A consortium of higher education associations, public interest groups and high-tech companies have formed a new partnership named AIR.U (Advanced Internet Regions) to deploy Super Wi-Fi networks on underserved college campuses and their local communities. The partnership will use unlicensed access to unused television channels to provide access.
The founding Higher Ed organizations collectively represent over 500 colleges and universities nationwide, and include the United Negro College Fund, the New England Board of Higher Education (NEBHE), the Corporation for Education Network Initiatives in California (CENIC), the National Institute for Technology in Liberal Education, and Gig.U, a consortium of 37 major universities committed to accelerating world-leading broadband connectivity and services.
Founding partners also include Microsoft, Google, the Open Technology Institute at the New America Foundation, a think tank based in Washington D.C., the Appalachian Regional Commission (ARC), and Declaration Networks Group, LLC, a newly created organization established to plan, deploy and operate Super Wi-Fi technologies.
AIR.U will focus on upgrading broadband offerings in those communities that, because of their educational mission, have greater than average demand but often, because of their rural or small town location, have below average broadband. The consortium’s initial goal is to plan and deploy several pilot networks in diverse university communities and create a roadmap for the rapid deployment of sustainable, next generation wireless networks as White Space equipment becomes widely available in 2013.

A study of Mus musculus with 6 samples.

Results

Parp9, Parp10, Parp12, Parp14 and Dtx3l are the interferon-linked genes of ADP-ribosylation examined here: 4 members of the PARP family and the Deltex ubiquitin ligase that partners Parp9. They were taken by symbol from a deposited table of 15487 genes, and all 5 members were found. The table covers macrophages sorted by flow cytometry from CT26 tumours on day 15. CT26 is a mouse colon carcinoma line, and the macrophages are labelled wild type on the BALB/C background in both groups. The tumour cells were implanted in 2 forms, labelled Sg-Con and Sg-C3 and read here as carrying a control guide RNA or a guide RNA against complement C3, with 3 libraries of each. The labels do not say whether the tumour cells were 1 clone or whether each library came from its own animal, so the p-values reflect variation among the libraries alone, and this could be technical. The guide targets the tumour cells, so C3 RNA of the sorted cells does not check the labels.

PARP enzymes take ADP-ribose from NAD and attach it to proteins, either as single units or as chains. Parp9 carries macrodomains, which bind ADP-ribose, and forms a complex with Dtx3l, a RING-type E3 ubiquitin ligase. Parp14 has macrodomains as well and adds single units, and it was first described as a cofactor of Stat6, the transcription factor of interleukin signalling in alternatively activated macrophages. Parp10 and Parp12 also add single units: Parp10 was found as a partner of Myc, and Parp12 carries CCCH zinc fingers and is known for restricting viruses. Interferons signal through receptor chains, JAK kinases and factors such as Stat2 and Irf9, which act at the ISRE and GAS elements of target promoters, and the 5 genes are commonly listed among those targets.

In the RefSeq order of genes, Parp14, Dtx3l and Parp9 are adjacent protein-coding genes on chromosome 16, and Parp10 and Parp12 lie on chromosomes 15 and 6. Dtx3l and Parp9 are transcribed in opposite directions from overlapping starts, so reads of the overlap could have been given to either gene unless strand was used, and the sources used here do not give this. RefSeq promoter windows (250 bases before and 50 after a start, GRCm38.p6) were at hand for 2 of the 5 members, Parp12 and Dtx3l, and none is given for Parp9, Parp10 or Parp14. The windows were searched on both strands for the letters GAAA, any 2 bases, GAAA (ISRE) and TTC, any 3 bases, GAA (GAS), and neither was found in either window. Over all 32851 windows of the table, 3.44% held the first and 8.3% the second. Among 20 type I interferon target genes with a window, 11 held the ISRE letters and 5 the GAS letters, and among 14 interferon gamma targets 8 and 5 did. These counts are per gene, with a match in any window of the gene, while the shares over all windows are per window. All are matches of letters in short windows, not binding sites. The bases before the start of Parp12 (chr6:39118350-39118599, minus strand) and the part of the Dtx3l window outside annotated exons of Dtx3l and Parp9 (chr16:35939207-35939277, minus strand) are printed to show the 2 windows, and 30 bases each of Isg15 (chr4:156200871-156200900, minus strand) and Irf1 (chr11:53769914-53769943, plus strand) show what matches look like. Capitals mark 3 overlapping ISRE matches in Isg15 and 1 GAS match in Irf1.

Super Wi-Fi networks will transmit on much lower frequencies than today’s Wi-Fi, allowing the broadband signals to penetrate further into buildings and cover much larger areas. As CivSource previously reported, one of the founding partners of this project – Gig.U will provide 1gbps services to universities and local communities in that project. Gig.U is a project of the Aspen Institute and several major research universities, typically in larger cities and metropolitan areas.
The idea for AIR.U arose during the Gig.U Request for Information process, in which a number of rural colleges, who were not eligible to join Gig.U, realized that their constituents needed gigabit connectivity just as much as larger research-based university communities.
“Colleges in rural areas will be the greatest beneficiaries of Super Wi-Fi networks because they are located in communities that often lack sufficient broadband, their needs are greater and there is typically a large number of vacant TV channels outside the biggest urban markets,” said Michael Calabrese, director of the Wireless Future Project at the New America Foundation’s Open Technology Institute.
The AIR.U consortium expects one or more pilot networks will be operational by the first quarter of 2013.